Years ago, thanks to the wackiness of my own family, I learned to embrace my own weirdness. See what I said there? “learned to embrace” – because being weird is supposed to be a bad thing, according to some.
I was curious, though. What is the technical definition? Well, “fantastic” and “bizarre.”
I’ll take fantastic, please.
When did weird become bad? (This is where people who studied anthropology, sociology and psychology back in the day will talk about the need for conformity in order to survive mammoths or something, and now it’s part of conforming to social norms.)
Weird isn’t bad. Weird is just…weird. It’s different. It’s not normal. It’s fantastic and bizarre.
But weird isn’t always weird.
You might think it’s weird to kneel in front of your partner, naked, waiting for permission to come to bed. I don’t.
You might think it’s weird to complete a set of assigned tasks every day just to hear, “Good girl” or “Good boy.” I don’t.
You might think it’s weird to let someone bind you with rope, blindfold you, and then fuck with your head until you believe that you’re being cut with a knife. Not me (even though it’s not my thing).
I used to think plenty of things were weird – in that bizarre way – until I didn’t.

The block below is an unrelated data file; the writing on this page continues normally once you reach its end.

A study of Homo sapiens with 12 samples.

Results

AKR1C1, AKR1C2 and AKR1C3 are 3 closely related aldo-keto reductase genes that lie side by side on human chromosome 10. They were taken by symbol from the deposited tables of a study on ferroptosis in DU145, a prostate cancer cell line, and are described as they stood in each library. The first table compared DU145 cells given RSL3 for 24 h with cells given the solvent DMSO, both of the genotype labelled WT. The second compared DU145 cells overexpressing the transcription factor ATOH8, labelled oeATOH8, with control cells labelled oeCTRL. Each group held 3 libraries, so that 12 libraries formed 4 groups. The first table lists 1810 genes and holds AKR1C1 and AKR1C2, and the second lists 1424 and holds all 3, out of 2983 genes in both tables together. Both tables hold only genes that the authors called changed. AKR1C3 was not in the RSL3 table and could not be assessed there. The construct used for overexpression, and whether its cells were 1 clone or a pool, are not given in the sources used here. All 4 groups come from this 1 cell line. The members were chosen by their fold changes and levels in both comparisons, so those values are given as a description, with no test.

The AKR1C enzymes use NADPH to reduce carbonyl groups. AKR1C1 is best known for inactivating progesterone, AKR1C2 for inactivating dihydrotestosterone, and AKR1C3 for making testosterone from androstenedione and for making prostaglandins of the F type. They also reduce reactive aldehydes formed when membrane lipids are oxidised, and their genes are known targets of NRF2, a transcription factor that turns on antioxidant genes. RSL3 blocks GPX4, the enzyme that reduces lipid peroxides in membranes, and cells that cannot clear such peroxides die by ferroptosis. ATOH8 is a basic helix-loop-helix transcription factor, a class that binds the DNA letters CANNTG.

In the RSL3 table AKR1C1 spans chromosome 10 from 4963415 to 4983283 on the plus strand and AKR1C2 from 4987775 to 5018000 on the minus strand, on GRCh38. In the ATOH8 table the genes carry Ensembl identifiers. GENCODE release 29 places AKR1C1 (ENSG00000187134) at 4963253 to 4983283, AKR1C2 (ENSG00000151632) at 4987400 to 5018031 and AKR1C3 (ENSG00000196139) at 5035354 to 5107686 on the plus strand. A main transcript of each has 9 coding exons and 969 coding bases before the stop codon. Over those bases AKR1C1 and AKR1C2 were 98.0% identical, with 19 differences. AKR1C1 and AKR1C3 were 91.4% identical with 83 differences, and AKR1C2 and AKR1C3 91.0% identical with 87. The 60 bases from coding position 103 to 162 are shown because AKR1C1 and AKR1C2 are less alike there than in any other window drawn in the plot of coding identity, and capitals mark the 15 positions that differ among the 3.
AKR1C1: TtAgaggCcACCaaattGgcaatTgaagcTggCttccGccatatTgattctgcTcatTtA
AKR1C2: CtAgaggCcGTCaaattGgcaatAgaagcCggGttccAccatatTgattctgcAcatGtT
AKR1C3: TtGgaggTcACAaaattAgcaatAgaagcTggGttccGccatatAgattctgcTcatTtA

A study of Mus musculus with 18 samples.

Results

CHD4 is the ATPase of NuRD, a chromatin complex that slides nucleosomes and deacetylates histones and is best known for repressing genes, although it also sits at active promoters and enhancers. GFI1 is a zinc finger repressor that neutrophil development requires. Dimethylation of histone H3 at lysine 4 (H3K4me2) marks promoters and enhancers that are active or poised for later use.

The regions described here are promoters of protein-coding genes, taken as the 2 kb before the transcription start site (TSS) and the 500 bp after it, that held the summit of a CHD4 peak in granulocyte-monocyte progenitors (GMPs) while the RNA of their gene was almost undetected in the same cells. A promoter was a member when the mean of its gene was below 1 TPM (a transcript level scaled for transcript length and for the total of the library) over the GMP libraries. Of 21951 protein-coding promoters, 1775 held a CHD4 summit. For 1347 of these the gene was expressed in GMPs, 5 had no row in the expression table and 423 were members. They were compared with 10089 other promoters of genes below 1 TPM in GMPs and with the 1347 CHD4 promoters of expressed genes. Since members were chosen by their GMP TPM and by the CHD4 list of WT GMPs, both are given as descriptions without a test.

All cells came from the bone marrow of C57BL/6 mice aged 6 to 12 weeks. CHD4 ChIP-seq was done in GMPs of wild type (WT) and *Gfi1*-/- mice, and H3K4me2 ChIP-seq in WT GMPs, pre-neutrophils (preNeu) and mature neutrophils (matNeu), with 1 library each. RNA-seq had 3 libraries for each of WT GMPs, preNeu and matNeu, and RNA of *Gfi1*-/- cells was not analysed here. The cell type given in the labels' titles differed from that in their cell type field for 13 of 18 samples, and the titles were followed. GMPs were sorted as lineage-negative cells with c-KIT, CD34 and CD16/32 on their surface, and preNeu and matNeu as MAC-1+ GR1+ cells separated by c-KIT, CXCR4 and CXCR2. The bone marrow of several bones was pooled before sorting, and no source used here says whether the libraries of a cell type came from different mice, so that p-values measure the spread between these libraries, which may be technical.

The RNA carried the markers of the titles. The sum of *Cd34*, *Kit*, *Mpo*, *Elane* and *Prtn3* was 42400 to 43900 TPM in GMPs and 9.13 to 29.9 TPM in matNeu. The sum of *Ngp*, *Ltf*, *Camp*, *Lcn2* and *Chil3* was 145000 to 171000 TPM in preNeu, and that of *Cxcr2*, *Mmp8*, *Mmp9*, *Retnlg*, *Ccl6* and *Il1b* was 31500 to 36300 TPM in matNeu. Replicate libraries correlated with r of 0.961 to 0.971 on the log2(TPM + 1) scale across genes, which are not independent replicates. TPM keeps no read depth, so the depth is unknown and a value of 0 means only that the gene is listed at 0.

People who walk around naked while making eye contact with strangers? That was just weird…until it wasn’t, until I was one of them.
People who perform acts of BDSM and fetish in front of a crowd were not only weird, but what they did was unthinkable…until I became one of them.
But I also thought I was weird because I read as an escape from reality, I write my innermost thoughts, and I have almost none of the same experiences as people my own age had growing up. Cabbage Patch Kid dolls? Latchkey kid? Parents who let me walk the shopping mall for hours? Nope, that wasn’t my life. My clothes were cheap. My glasses ugly. My manner of speaking much older than my age. My family poor. My parents strict. I was a weirdo…according to my peers.
That was the weirdness I “learned to embrace.”
Years later, as a more mature human, a grown woman, a person with heartbreaks and happiness, I didn’t have to embrace my fetishes and kinks as “weird.” They’re part of me, and while to the casual observer, they may be fantastic or bizarre, they represent my new normal.
What is “weird” is a matter of experience and perception. The more you do the “weird” thing, the less weird is becomes. The more you see a “weird” thing, the more normal it seems.
Am I weird? Probably to someone out there.
Does it matter? Only to other people.
Welcome to Wicked Wednesday where this week’s prompt was “weird.” Nothing sexy came to mind, but as someone who has called herself “weird” since I can remember, it definitely triggered a little something. For the smutty goodness, go check out the rest of this week’s posts.